The journey of the CLASS Act has become part of a growing pattern. From the time that the health care law was first making its way through Congress, Democrats have consistently dismissed reasonable criticisms of the law, only to see critics later vindicated by events. Time and again, the administration has had to acknowledge that many provisions of the law – minor and major — are unworkable.

This April, the Obama administration announced it was delaying a provision of the law aimed at expanding health insurance to small businesses, citing “operational challenges,” according to the New York Times. In May, it announced it was scrambling to tweak a program meant to provide temporary health insurance coverage to those with pre-existing conditions, because the program was way over-budget, even though it was only covering a third of the people it initially intended to.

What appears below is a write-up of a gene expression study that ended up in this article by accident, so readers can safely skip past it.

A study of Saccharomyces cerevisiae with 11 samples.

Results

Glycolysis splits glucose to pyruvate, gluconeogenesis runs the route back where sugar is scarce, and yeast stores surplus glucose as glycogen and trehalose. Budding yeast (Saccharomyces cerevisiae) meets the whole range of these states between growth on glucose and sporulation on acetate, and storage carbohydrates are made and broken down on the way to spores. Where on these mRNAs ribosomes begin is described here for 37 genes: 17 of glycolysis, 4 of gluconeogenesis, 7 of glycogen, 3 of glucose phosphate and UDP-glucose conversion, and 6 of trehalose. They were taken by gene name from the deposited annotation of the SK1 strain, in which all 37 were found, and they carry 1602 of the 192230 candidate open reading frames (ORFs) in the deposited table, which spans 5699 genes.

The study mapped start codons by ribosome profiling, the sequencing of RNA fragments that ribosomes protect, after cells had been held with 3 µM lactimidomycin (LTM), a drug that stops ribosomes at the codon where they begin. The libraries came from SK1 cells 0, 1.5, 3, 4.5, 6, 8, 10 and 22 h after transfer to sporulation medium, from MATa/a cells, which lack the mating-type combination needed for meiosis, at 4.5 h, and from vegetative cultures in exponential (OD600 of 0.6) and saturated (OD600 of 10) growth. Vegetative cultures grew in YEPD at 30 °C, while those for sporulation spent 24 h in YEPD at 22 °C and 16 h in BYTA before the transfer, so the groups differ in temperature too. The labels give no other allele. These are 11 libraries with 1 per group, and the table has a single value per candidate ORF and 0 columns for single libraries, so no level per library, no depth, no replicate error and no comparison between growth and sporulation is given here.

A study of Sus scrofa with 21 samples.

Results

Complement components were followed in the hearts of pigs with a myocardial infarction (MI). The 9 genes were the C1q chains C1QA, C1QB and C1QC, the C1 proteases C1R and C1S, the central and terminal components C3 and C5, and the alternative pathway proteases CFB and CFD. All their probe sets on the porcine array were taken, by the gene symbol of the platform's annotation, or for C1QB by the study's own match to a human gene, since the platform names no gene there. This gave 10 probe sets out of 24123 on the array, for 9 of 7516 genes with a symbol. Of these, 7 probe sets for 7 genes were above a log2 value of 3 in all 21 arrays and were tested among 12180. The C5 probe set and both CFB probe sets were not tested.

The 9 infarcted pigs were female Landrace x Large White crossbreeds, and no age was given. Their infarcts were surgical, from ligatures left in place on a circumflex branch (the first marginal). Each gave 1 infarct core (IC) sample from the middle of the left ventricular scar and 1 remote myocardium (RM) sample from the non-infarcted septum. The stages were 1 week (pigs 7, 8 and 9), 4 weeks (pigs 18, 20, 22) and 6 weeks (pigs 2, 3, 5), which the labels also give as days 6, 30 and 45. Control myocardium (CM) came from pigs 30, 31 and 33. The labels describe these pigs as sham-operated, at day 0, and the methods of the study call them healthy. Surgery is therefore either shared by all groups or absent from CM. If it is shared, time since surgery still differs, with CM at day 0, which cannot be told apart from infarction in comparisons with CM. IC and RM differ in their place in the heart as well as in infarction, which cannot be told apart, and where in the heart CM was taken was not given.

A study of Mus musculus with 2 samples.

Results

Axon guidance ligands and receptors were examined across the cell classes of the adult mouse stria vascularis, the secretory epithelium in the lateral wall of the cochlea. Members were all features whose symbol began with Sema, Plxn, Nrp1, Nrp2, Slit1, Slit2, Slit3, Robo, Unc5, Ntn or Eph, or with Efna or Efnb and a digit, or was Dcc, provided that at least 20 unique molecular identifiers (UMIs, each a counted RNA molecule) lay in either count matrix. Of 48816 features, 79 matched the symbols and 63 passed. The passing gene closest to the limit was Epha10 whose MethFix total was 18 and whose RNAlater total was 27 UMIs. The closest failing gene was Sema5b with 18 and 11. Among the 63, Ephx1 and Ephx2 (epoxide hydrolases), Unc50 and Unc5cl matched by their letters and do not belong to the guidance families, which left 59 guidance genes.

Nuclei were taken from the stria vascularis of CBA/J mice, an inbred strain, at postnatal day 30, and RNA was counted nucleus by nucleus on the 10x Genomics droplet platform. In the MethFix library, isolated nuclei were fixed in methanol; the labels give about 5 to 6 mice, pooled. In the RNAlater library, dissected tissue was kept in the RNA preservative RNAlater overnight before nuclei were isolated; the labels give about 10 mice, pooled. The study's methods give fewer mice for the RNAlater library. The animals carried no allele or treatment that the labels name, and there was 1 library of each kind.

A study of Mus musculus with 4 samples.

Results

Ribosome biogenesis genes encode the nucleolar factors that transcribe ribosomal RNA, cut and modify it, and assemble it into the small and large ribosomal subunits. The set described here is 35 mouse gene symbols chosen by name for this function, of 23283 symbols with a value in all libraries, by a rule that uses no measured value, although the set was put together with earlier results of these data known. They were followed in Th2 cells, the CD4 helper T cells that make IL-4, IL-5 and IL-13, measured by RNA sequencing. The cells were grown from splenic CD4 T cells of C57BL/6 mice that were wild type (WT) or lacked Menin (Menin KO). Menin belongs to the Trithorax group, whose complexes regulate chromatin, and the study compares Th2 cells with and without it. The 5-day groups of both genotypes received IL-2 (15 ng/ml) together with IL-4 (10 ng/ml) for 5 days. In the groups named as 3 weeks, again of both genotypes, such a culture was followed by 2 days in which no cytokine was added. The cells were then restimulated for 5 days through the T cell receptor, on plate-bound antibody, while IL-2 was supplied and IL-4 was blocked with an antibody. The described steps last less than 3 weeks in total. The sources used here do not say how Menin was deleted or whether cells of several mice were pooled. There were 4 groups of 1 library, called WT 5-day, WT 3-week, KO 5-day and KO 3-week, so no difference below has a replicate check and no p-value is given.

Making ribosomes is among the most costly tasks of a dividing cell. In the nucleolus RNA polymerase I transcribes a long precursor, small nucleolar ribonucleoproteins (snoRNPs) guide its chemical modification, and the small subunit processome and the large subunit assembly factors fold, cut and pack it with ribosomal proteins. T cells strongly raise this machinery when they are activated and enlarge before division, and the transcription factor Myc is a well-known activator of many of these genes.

At the time the legislation was being written, critics repeatedly pointed out that its requirement that larger employers provide government-approved health insurance to their workers or pay penalties would provide an incentive for businesses to slash their workforce (or cut worker hours).

Announcements by business executives over the past several years, as well as jobs reports reflecting a shift in the U.S. labor force toward part-time work, provided evidence to support this view. But critics were mocked as blowing things out of proportion. Then, the administration announced on July 2 that it was delaying the mandate for a year, citing the complexity of the new rules and complaints from businesses.